Diet pills and expensive weight-loss programs pull in millions of dollars each year from Americans who want to shed a few pounds, feel better, and live longer. But Jordan Metzl, M.D., argues the best medicine for health and longevity is simply daily exercise — and a growing body of scientific research backs him up.
In his new book, "The Exercise Cure: A Doctor’s No-Pill Prescription for Better Health and Longer Life," Dr. Metzl offers a no-nonsense prescription for longer, healthier life that involves no pills, potions, or pound-shedding programs. Its primary message: Get moving — even a little exercise is better than none.
"Imagine if you walked into your doctor's office and sat down and your doc said, 'Hey listen, you know I have a drug and if you take this drug you will live a longer, healthier, happier life. Not only that but many of the diseases that you will encounter potentially over the course of your life … could be treated and in some cases prevented outright, ' You’d pay attention," Dr. Metzl tells Newsmax Health.
"We have this drug now and it's called exercise and the goal of my book and message is to get everyone in America off their couches and off their rear ends and moving every single day of 2014."
A recent study by researchers from the London School of Economics, Harvard Pilgrim Health Care Institute at Harvard Medical School, and Stanford University School of Medicine found, for instance, that exercise is as effective as many drugs when it comes to cutting the risks of heart disease, stroke, diabetes, and other conditions.
The findings, published in the British Medical Journal BMJ.com, were based on a review of 305 clinical trials involving 339,274 individuals provided compelling evidence that more clinical trials comparing the effectiveness of exercise and drugs are urgently needed to help doctors and patients make the best treatment decisions. In the meantime, exercise "should be considered as a viable alternative to, or alongside, drug therapy," the researchers concluded.
Despite the well-known health benefits of exercise, most adults do not get the recommended minimum of 150 minutes of moderate exercise each week, specialists note. Yet prescription drug use continues to skyrocket for obesity-related cardiovascular problems.
"The American Heart Association recommends 150 minutes of exercise a week, which is about 30 minutes a day, and if you can do that all the benefits of exercise…will kick in for you," he says. "So it's so important to try and start moving, even if you don't feel like you can., just move a little bit, it will make a huge difference in your health."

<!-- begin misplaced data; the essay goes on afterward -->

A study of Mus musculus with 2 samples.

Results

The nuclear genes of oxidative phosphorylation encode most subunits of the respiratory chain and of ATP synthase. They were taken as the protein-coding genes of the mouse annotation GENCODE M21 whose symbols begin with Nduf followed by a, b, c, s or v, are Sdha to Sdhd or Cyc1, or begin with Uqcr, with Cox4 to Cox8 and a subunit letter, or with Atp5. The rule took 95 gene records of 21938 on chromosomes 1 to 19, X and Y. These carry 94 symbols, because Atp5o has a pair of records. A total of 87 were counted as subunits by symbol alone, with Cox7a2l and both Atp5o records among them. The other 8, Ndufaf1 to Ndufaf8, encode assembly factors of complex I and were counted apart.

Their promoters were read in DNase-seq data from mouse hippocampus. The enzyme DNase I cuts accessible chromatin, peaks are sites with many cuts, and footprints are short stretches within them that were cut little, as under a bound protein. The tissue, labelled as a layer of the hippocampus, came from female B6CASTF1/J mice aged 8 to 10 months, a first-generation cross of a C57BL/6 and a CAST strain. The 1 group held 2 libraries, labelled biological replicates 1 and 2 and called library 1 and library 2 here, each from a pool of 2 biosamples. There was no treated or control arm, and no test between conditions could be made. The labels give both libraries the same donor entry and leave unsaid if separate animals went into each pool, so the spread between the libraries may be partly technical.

Dr. Metzl's book details specific exercises that can treat and prevent cardiovascular disease, metabolic disorders, sexual issues, musculoskeletal problems, cancer, sexual dysfunction, and psychological conditions. He also provides expert guidance for beginners as well as advanced athletes to boost their physical and mental health.
Among the specific recommendations he makes:
Beginners (1-3 months): Look for ways to build low-impact exercise into your everyday life, and aim to be active for at least 30 minutes a day for one month. You don't even have to do all 30 minutes at once, but break it up into 10-minute sessions. Take the stairs instead of the elevator, park your car far away from the grocery store or any other building so you have to walk a longer distance, take a walk whenever you use your cellphone.
Intermediate exercisers (4-6 months): Once you've begun to build regular low-impact exercise into your lifestyle, try to add some regular strength-building exercises and routine cardiovascular aerobic activity, such as running, swimming, or walking on a treadmill. "You don't need a fancy gym, you don't need fancy equipment to exercise," he says. "You need a little bit of motivation, so things like jumping jacks and pushups, exercises like planks, squats. Things that can start building full body strength. "
Advanced athletes (7-9 months): Individuals who have six months of regular exercise under their belt, can try to push a little harder with more demanding daily workout routines. Extend your cardio aerobic activity to 45 minutes (or longer, if you can) and look to add weight-training to your strength-building exercises.
Dr. Metzl says his exercise plans are appropriate for people of all ages and body types, no matter what their health status.
"I often hear people [say] I'm too old so I can’t do this, or I'm too overweight, I can't do this," he says. "But I have patients in my office and that I detail in my book of all ages and with all different kinds of diseases and illnesses. And exercise is both a preventive medicine and a treatment medicine.